Why Vodafone Group plc Will Be One Of 2013's Winners
It's been a great year for Vodafone Group plc (LON: VOD) shareholders.
With their shares up nearly 50% since the start of January to 226p, a 6.9p-per-share final dividend for the year ending May 2013 already in the bag, and an interim dividend still to come, there's no denying it's been a winning year for Vodafone Group (LSE: VOD) (NASDAQ: VOD.US) shareholders so far.
And it's not hard to see why.
Pretty decent results
At full-year results time on 21 May, Vodafone reported a small fall in revenue for the year to 31 March, but adjusted organic operating profit was up 9.3%, adjusted earnings per share (EPS) rose 5% to 15.65p, and the full-year dividend was lifted 7% to 10.19p per share.
Based on the previous night's closing share price of 197.6p, that dividend represented a yield of 5.2%, which was way above the FTSE average of around 3%.
Since then we've had a first-quarter update for the current financial year which was a bit mixed -- reported revenue improved by 5.2%, but on an organic basis we saw a 0.8% fall, with the countries of Southern Europe still suffering after the eurozone disaster. But chief executive Vittorio Colao told us that "growth in emerging markets has accelerated, we now have over 5 million customers benefiting from Vodafone Red, and 4G is live in ten markets".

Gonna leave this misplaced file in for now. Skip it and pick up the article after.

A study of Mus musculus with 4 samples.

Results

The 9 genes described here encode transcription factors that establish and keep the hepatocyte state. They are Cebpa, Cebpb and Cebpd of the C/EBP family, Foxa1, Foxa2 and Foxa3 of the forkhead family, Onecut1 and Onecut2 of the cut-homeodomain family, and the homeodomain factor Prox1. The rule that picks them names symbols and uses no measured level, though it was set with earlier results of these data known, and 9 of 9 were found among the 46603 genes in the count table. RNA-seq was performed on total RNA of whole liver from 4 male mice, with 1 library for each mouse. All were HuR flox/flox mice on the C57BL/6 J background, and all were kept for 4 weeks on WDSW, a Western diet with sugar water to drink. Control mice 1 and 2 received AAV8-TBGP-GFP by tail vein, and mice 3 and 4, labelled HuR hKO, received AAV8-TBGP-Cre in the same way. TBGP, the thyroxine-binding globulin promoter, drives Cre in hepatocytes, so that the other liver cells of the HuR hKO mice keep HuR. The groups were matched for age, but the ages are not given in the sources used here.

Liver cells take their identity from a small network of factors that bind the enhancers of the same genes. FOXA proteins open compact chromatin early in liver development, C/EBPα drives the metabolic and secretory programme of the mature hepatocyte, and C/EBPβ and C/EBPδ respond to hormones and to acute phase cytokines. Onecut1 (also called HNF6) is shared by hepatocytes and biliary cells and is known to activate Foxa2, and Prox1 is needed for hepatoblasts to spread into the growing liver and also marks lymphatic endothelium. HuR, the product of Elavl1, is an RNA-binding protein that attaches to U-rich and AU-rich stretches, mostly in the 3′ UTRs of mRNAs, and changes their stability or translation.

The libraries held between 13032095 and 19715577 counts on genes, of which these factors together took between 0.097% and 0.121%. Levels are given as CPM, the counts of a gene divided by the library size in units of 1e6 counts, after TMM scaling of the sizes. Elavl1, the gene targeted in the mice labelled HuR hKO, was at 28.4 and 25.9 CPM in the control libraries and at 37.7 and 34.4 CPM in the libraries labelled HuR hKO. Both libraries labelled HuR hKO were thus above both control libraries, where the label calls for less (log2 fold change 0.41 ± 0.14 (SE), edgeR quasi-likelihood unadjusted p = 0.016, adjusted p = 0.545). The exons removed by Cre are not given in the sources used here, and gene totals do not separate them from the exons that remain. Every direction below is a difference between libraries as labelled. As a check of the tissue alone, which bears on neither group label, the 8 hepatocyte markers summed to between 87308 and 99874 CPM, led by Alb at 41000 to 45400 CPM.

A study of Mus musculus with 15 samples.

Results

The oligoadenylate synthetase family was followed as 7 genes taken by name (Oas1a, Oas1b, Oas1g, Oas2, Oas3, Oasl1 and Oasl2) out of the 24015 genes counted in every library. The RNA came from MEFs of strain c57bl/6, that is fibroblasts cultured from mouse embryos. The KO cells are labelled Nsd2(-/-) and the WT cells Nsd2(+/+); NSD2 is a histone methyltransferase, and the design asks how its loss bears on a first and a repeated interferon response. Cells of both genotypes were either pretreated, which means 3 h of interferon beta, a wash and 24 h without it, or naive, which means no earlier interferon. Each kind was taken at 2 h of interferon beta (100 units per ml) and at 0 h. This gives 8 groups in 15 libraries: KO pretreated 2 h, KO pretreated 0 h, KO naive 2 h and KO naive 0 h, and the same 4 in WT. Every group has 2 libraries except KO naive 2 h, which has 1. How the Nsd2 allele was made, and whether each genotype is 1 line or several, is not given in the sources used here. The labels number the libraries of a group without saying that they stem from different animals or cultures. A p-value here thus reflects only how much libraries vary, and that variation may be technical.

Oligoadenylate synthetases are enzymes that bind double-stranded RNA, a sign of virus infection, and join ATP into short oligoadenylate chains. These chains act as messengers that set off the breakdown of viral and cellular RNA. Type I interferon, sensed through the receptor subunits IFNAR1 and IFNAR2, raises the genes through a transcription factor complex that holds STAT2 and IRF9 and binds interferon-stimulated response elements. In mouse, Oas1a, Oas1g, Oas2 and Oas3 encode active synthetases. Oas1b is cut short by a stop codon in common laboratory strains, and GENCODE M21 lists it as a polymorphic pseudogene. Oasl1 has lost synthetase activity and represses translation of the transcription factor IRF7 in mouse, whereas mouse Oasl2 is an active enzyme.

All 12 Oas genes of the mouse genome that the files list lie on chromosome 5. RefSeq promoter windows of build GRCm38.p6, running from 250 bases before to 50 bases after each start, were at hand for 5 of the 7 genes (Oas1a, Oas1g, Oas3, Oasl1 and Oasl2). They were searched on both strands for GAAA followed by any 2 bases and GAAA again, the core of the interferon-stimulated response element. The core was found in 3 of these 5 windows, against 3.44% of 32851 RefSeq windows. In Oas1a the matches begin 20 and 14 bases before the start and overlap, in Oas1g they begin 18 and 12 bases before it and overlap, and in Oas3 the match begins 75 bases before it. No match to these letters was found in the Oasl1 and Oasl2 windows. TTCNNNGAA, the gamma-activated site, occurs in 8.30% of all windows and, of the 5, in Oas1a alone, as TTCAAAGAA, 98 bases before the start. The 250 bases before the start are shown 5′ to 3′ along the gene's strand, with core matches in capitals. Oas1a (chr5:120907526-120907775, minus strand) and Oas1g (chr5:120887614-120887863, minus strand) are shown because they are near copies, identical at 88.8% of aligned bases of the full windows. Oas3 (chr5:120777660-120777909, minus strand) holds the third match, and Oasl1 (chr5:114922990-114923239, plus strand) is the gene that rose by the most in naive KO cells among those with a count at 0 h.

Vodafone has also completed its takeover of Kabel Deutschland and now holds 76.6% of its share capital, opening up a market of 15.3 million potential new customers for its broadband-inclusive packages.
The big sale
That progress alone would be impressive, but I've still left out the year's big deal -- the disposal of Vodafone's 45% stake in Verizon Wireless, which was confirmed in September.
The sale to Verizon Communications for a total consideration of $130bn was a great deal for shareholders, who are set to receive an $84bn windfall as a result -- cash and a bunch of Verizon shares, worth a total of 112p per share, are heading their way.
The Verizon sale had, of course, been anticipated for quite some time, with various games of brinkmanship between the two companies having previously played themselves out.
Back in May, before the eventual deal rumours started to emerge, I was confident that Vodafone's management was savvy enough to get a good deal for shareholders and for the Fool's Beginners' Portfolio. And I'm quite pleased to have been right about that, not long after investing guru Neil Woodford had sold his Vodafone stake.
Some dividend uncertainty
There has been one notable bit of perhaps-negative news, with Vodafone downgrading its dividend policy such that it only "aims at least to maintain the ordinary dividend per share at current levels".
But while that might have disappointed those who wanted maximum dividend increases in the relatively short term, it does offer the company more flexibility in its still-growing business -- and I think we'll still see reasonable rises and attractive yields in the years ahead.
Overall, then, 2013 has been a kind year for Vodafone, and I'll join its shareholders in toasting their success.